Both The New York Times and The Washington Post carried the same political narrative out of the Fourth of July: Republicans on the defensive, laying low. It’s one of their favorites.
The Times headline as “With Voters Riled, GOP Senators Lie Low: Health Care Concerns Intrude on July 4 Festivities.” Four reporters were needed to issue this narrative: “It is a tough summer for Senate Republicans, who are trying to combine a long-promised repeal of the Affordable Care Act with a replacement that has, in legislation drafted so far, been as popular as sunburn.”
It apparently took four reporters to chronicle politicians who were avoiding public events. Then there were opponents of the bill: “On Tuesday, Ms. [Susan] Collins and the few other Republican senators who ventured out — most of them opponents of the current bill, and most in rather remote locales — were largely rewarded with encouragement to keep fighting.”
The Post sassily summarized on their home page that while Collins drew an atta-girl for resisting the health-care revamp, “Other senators — the few who let voters know where to find them — spent the Fourth of July recess fending off protesters.” They only needed three reporters for their spin patrol.
The online headline was “At parades and protests, GOP lawmakers get earful about health care.” Their three reporters included one in Washington, one in Maine with Collins, and one in Alaska with Sen. Lisa Murkowski. (They also reported on Ted Cruz, but had no reporter in Texas.)
The Post account did note that a “progressive” group is using this harass-Republicans-everywhere strategy to resist any attempt to touch Obamacare:
“Thinking back to February recess, it was all we could do to keep up with your energy and follow all the incredible actions you took,” Indivisible organizers wrote in a weekend fundraising message to supporters. “Over June, we were able to [move] methodically to target senators in specific states while also facilitating coordinated actions across the country. And as the delayed bill proves — THIS WORKS!”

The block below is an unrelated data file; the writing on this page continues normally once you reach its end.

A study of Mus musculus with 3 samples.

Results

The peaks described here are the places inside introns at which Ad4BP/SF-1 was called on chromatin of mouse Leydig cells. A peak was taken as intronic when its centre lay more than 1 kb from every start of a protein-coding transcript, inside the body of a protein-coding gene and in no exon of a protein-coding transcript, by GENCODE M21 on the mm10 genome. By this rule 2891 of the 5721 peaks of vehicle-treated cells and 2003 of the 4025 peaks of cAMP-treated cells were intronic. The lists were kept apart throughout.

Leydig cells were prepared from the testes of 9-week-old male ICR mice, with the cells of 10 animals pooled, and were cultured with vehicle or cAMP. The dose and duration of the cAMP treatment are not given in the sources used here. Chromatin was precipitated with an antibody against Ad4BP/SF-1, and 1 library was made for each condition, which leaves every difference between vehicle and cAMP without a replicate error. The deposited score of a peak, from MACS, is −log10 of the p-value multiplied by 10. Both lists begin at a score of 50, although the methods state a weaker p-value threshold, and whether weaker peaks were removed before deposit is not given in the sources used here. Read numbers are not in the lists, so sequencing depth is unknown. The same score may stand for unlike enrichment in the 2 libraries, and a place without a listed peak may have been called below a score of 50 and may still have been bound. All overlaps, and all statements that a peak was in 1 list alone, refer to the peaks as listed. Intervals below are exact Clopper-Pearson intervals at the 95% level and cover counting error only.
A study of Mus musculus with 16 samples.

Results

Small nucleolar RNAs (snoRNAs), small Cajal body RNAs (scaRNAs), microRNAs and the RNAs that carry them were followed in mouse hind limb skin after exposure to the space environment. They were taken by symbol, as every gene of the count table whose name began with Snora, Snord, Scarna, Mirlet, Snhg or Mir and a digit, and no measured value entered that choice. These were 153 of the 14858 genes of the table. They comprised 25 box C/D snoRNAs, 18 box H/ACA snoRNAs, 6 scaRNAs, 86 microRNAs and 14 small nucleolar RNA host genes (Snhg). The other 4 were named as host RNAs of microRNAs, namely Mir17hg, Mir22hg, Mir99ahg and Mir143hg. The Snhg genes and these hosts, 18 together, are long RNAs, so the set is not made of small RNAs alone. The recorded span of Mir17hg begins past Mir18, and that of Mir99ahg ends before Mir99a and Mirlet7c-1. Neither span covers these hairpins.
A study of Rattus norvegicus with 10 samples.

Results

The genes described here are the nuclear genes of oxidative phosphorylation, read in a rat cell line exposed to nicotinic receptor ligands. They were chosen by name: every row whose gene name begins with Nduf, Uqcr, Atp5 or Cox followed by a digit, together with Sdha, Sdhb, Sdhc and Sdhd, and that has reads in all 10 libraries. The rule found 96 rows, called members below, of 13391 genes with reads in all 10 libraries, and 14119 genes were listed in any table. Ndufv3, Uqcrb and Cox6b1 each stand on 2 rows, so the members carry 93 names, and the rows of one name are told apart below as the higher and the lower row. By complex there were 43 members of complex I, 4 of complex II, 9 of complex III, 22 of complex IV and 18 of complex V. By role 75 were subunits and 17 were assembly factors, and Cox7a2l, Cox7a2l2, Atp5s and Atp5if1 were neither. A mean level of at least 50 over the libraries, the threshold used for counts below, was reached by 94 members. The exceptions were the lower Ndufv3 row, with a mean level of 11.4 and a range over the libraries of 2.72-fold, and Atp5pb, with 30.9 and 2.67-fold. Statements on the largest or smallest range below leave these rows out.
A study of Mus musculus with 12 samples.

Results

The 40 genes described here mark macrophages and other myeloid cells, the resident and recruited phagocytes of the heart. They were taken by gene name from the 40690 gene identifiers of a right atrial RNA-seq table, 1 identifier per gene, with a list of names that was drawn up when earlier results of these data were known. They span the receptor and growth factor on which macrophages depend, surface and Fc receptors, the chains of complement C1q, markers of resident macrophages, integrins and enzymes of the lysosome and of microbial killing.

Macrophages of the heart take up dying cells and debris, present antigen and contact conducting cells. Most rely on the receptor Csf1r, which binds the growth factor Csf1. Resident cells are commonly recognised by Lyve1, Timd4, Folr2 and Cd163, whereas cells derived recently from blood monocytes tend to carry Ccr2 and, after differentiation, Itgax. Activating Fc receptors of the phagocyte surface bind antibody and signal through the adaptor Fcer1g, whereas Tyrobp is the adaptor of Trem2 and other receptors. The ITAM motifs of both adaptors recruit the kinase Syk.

This is how the Post story ended:
In New York, two Long Island activist groups are planning “health-care cook-outs” close to the offices of Rep. Peter T. King (R-N.Y.) and Rep. Lee Zeldin (R-N.Y.), under the motto “We can’t let seniors, children and people with disabilities GET BURNED!” Topher Spiro, the vice president of health policy at the Center for American Progress, urged activists on Twitter to keep organizing, whether or not Republicans would face them.
“Protesting Trumpcare this week is the pinnacle of democracy and patriotism,” he wrote. [Emphasis mine.]
The four-staffer Times story revealed the “news” that Sen. Cory Gardner spent the holiday with his kids:
This was still more activity than anything done by Mr. Gardner of Colorado, who has not held a town hall-style meeting this year. Coloradans have noticed. In February, hundreds gathered for a mock town hall-style meeting in Denver, where they addressed questions to a cardboard cutout of the senator. Last week, wheelchair-bound constituents occupied his office for 60 hours in protest of cuts proposed in the health bill, before being dragged out by the police.
Mr. Gardner’s Fourth of July was devoid of public events, though on July 3, he could be seen on his front lawn in his hometown, Yuma, playing with squirt guns and smoke bombs with his children.
This was as combative as his holiday was likely to get.
Alex Siciliano, Gardner’s communications director, mocked this reporting effort by Dave Philipps:
Right there on the front page of the Times on Wednesday, they reported Sen. Rob Portman of Ohio had no public events for the day. Oops. They had to correct, but you wouldn't know that if you were just reading the paper:
An earlier version of this article incorrectly reported that Senator Rob Portman, Republican of Ohio, had no public events on July 4. Mr. Portman marched in two parades.
Maybe they needed a fifth reporter.....in Ohio?
MRC's Rich Noyes noted that eight years ago, the media were quiet. "A second wave of rallies in cities across the U.S. was virtually ignored by the three broadcast networks, who were instead providing wall-to-wall coverage of the death of pop star Michael Jackson." Only CBS mentioned the protesters.